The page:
The Bernardin represents another opportunity for investors that want to bet on downtown Chicago’s comeback. The downtown apartment market went into a tailspin last year as the coronavirus pandemic and civil unrest depressed demand for housing in the central business district.
But occupancies and rents are bouncing back faster than many expected. With professionals returning to downtown offices and the city and state lifting the last of their COVID-19 restrictions today, the market could return to pre-pandemic levels next year, if not sooner.
“Downtown Chicago’s apartment market has staged one of the strongest urban market recoveries in the country,” CBRE says in its marketing brochure.
The Bernardin has staged a remarkable comeback, too. Its occupancy rate dropped to 85 percent last year, down from 94 percent in 2019, public filings show. Its net operating income fell to $3.3 million, down 20 percent from $4.1 million in 2019.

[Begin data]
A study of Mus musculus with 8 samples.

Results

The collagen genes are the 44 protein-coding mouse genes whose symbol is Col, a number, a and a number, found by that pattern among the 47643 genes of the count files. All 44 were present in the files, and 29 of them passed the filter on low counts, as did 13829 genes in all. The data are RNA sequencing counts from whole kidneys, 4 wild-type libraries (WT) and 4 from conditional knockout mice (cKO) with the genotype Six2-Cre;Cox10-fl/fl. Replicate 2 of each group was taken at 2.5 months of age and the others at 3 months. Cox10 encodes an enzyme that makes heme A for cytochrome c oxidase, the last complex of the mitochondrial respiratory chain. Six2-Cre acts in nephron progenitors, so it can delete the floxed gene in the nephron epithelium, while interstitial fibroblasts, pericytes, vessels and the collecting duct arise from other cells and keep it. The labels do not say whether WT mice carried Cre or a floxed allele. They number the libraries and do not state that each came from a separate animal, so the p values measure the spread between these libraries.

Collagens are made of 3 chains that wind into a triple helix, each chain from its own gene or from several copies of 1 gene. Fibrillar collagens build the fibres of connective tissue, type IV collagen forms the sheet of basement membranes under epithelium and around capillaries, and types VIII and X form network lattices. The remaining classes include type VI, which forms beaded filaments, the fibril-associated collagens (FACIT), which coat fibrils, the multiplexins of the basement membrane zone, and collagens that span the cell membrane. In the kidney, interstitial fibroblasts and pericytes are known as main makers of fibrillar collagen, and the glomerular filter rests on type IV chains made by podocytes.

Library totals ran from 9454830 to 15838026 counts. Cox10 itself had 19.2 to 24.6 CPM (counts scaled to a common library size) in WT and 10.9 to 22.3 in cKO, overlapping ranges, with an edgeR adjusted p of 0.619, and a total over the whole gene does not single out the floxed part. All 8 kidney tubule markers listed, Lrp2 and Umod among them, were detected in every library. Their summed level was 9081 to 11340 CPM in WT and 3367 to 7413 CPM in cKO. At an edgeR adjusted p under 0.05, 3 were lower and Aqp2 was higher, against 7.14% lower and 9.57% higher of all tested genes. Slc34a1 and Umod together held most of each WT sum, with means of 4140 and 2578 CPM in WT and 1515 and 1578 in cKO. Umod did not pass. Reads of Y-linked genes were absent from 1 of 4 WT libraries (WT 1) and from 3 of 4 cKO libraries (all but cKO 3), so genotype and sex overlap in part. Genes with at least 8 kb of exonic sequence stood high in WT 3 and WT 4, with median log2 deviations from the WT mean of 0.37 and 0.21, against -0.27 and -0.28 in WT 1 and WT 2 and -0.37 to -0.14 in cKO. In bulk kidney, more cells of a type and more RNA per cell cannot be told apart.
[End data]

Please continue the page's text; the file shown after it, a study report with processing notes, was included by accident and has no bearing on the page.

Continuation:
The Bernardin’s apartment occupancy rate today? Ninety-nine percent, according to the CBRE flier. Its retail space, about 21,000 square feet, is fully leased, too.
Still, it’s hard to know what the property’s worth because so few big downtown multifamily properties have sold in the past year. Will it fetch more than its $89.4 million price in 2005? Here’s one reason it might not: Even if the Bernardin’s net operating income recovers to its 2019 level this year, it would fall short of its 2005 NOI of $4.7 million.
NOI, which factors in a building’s revenue and costs before debt service, isn’t the only variable investors use to figure out how much to pay for a property, but it’s a key one.
A CBRE executive declined to comment, and a UBS spokesman did not respond to a request for comment.
The Bernardin also faces a big, new competitor: One Chicago, a 735-unit development just a block away. The project’s leasing office just opened, with first move-ins expected in October.
Though the downtown apartment investment market went quiet during the pandemic, it’s likely to get louder in the coming months as landlords put more properties up for sale. Downtown properties that have hit the market recently include the Shoreham, a 584-unit tower in the Lakeshore East development, and 1407 on Michigan, a 199-unit building in the South Loop.